Neglected tropical diseases

WHO seeks united approach to eliminate tapeworm infection

FAO and OIE join WHO to devise framework for tackling leading cause of epilepsy
10 July 2014 | Geneva
Cysticercosis cycle: intervention points

WHO, the Food and Agriculture Organization of the United Nations (FAO) and the Organisation for Animal Health (OIE) are uniting to tackle neurocysticercosis, a major cause of preventable epilepsy and disability in the world.

Download the cysticercosis cycle: intervention points [pdf, 239kb]

Neurocysticercosis, an infection of the central nervous system, is caused by the larval form of the tapeworm Taenia solium. People become infected by accidentally ingesting the eggs of the tapeworm excreted in human faeces, and by eating raw or undercooked infected pork.

Countries are seeking guidance from WHO on how best to approach this growing public-health problem, which has wide-ranging economic and social consequences. A multisectoral strategic framework is needed to ensure success in intensified control of cysticercosis,” says Dr Bernadette Abela-Ridder, who heads the Neglected Zoonotic Diseases team of WHO’s Department of Control of Neglected Tropical Diseases. “We also need improved management of patients adapted to low-income settings.

Neurocysticercosis is an important non-communicable parasitic disease associated with poverty and poor sanitation. More than 80% of the world’s 50 million people who are affected by epilepsy live in developing countries, many of which are endemic for T. solium infections in people and pigs. Cases occur in countries where families engage in community farming practices and raise free-roaming pigs, and where animals are slaughtered outside approved abattoirs.

Cysticercosis has been a serious problem in Latin America for decades. The disease is endemic in South and South-East Asia, and is emerging in large parts of sub-Saharan Africa. New reports of neurocysticercosis cases are re-emerging in the developed world, with recent cases in Europe and the United States of America.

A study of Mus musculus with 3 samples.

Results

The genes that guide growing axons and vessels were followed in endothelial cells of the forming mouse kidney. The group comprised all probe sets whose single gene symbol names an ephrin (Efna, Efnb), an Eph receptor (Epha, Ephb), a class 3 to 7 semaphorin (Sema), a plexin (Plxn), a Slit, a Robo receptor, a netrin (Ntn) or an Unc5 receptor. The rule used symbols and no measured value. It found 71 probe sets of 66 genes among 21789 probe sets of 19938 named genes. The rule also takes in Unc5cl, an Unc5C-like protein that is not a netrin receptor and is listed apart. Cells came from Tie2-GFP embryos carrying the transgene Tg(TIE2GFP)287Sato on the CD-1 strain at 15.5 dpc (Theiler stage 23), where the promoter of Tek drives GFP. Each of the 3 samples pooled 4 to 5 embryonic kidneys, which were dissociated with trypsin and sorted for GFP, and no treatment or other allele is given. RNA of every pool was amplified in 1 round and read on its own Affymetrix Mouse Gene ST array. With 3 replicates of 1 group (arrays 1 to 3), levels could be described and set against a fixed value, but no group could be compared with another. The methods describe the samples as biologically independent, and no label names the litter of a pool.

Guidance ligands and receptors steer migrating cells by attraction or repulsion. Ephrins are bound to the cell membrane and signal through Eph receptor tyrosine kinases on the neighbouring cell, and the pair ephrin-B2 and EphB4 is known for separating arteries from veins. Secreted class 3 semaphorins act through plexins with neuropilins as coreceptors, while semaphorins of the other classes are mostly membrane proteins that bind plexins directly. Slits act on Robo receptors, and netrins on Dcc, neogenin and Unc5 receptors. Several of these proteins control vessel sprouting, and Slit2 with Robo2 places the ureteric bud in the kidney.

WHO, in collaboration with FAO and OIE as well as other partners, are in the process of identifying a ‘best-fit’ strategy with countries to interrupt transmission of T. solium infection and to improve case detection and management of neurocysticercosis.

On 17–18 July 2014, global experts, stakeholders and endemic country representatives will formulate a framework for control to provide the proof of concept that intensified control is possible. Since the last international consultation in Vientiane, Lao People’s Democratic Republic in 2009, new intervention tools have become available.

The disease

The tapeworm T. solium is a parasite transmitted between humans and pigs that causes taeniasis. Humans become infected with the tapeworm by eating raw or undercooked infected pork. Millions of tapeworm eggs (too small to be seen by the naked eye) are excreted into the environment through infected people’s stool. Pigs get infected by eating human stool containing eggs or by ingesting eggs from the environment. Eggs develop into small cysts throughout the pig’s body (porcine cysticercosis).

Humans can also become infected with T. solium eggs by ingesting contaminated food or water (human cysticercosis) or as a result of poor hygiene. Tapeworm larvae (cysticerci) develop in the muscles, skin, eyes and the central nervous system. When cysts develop in the brain they may cause a condition called neurocysticercosis. Symptoms include epilepsy, severe headache and blindness and can lead to death. Neurocysticercosis is the most frequent preventable cause of epilepsy worldwide.